Hungary’s Bad Reputation

A map has surfaced on the Washington Post recently. It is a map that was designed to help tourists make a choice of destinations for their vacations. It is a map with the countries in various colors of the red and blue scale. It is meant to describe the most and least friendly places for foreigners to visit, with friendly places in blue, and unwelcoming places in deep red. Saudi Arabia and Russia, for example, re in red, while the entirety of Canada, for example, is blue, and the USA is grayish blue, indicating an openness that is not up to par with the Northern neighbor. Hungary, in the middle of Europe, fits in well with the color  scheme around it, which is a more or less uniform orange.


This color would mean that Hungary is, by this scale,a place that is unwelcoming to foreigners and tourists. It puts us a little bit closer to Russia than to say, the Czech republic in our outlook of foreigners, and this would make Hungarians suspicious of foreigners, would make them unhappy about tourism, and in general less accepting of other cultures. Allow me to iterate why this is wrong, and where the misconception could be stemming from:

1) The Map Itself: I find putting the entire country in one color is kind of misleading. Yes, Hungary is a very small, mostly rural country, with one third of the population living in Budapest and most other cities losing population quickly, and smaller villages remaining at roughly the same levels. A large percentage of the country live in isolated rural communities, who don’t like foreigners, or indeed, even people from the neighboring small, rural settlement. This is universal, and not unique to Hungary, sadly.

 

2) HIstorical context: Hungary has a very stormy history. In the 1920s, Hungary lost two third of it’s land mass to neighboring countries. Needless to say, diplomatic discourse between countries in this region has been dominated by this fact for some time, and when people think of foreigners, they do not think of tourists taking pictures in Budapest they think of invading Russian armies.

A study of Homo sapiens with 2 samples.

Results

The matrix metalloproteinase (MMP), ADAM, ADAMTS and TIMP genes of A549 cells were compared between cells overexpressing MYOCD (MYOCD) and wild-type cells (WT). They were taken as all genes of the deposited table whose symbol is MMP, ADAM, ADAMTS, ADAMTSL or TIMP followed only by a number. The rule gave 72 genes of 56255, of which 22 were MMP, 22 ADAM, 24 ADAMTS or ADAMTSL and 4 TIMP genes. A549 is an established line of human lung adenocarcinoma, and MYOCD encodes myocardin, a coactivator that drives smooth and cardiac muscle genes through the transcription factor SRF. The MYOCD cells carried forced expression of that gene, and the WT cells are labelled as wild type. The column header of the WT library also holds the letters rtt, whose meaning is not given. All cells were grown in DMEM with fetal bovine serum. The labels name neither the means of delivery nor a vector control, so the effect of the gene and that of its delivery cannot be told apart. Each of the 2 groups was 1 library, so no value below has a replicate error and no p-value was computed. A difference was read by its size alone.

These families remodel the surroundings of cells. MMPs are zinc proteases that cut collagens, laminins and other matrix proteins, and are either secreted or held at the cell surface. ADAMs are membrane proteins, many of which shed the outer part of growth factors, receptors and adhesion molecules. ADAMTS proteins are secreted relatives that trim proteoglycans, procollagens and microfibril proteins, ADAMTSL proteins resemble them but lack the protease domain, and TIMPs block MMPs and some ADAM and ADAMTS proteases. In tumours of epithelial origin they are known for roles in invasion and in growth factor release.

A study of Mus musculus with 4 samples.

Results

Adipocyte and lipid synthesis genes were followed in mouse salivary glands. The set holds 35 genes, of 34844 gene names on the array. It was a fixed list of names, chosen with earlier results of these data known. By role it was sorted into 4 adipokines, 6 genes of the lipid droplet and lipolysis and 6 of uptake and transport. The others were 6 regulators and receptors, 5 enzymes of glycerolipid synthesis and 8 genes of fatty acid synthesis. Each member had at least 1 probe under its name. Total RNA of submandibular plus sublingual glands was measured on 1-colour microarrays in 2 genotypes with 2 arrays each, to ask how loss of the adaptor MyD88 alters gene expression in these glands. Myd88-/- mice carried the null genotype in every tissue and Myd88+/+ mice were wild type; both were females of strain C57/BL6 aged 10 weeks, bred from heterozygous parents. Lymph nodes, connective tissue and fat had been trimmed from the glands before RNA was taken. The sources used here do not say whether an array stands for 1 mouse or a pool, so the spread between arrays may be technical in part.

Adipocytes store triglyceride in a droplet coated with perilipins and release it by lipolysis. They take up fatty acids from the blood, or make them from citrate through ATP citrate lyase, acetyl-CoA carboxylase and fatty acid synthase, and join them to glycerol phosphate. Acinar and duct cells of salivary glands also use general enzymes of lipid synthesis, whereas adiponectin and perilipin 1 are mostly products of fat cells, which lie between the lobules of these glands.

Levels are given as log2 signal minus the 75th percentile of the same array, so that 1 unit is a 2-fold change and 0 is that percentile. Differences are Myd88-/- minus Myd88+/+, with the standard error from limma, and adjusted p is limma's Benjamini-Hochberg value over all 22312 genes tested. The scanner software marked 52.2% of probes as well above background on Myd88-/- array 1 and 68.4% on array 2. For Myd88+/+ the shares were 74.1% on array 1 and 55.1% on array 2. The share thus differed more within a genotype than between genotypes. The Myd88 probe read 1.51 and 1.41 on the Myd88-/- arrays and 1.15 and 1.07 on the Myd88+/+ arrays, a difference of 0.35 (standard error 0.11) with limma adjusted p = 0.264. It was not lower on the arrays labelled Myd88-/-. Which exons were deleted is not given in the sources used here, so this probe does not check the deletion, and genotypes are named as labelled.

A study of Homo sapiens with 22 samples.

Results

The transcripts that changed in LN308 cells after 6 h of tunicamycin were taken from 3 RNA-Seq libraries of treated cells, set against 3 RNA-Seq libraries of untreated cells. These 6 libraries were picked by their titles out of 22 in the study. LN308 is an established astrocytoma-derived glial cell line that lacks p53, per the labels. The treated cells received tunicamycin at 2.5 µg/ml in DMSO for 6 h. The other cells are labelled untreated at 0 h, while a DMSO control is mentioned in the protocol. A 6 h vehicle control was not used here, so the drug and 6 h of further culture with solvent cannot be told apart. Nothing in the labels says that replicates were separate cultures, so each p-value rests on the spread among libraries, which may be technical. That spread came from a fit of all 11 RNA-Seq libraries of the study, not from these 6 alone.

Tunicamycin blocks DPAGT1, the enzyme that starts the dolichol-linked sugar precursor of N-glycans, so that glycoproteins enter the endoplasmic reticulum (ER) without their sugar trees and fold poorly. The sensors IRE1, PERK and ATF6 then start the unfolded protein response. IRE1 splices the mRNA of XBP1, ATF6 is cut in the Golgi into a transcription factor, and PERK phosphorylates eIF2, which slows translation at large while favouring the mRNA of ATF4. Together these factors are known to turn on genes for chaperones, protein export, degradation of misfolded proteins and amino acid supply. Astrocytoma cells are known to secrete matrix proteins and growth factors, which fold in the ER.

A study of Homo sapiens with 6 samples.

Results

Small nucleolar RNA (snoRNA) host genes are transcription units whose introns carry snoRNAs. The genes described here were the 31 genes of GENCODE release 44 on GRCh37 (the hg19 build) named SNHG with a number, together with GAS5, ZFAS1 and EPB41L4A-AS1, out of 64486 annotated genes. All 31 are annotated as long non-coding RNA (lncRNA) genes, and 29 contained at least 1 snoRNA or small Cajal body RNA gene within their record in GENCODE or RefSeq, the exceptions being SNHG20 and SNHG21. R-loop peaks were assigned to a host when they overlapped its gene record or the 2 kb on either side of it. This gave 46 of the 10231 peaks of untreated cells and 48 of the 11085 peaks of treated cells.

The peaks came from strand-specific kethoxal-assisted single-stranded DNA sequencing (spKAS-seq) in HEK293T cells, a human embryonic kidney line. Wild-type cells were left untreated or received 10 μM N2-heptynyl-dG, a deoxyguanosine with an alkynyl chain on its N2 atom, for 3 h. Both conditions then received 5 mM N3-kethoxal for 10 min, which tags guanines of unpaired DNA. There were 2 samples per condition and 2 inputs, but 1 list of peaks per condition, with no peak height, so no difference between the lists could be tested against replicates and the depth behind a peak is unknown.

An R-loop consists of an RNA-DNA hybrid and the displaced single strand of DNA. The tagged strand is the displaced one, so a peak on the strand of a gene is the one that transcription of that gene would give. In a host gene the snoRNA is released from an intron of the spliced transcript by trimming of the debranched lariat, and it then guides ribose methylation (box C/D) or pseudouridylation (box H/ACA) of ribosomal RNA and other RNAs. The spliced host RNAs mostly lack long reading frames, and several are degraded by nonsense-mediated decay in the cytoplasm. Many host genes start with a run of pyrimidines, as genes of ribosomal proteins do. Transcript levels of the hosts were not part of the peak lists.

3) The map is racist: Seriously, though, let’s take a look at this map a little bit closer. In the comments section, you can find many allegations of racism, and as a native Budapest resident, I would have to agree. This is a map of where you will be tolerated most if you are an Anglophone white person. How could Australia, where aboriginal and immigrant life expectancy is more than ten years behind that of white Australians, or the US, where black men are 7 times more likely to go to prison for the same offence, be in the blue scale? Hungary has never owned slaves, never had colonies, and does not have the systematic oppression that countries who did engage in colonialism have. Of course many people are ignorant and racist, sadly more than in the West, but with more and more Hungarians living abroad because of the financial situation, this is changing rapidly.

Conclusion

At any rate, don’t let racist misinformation like this map lead you to faulty and hasty conclusions. Hungary is not any more or less racist and xenophobic than any other European nation, and Budapest has a reputation for loving tourists and for catering to them. There is such a thing as Hungarian hospitality, and if you ever experience it, you may hold all other peoples to much higher standards afterwards.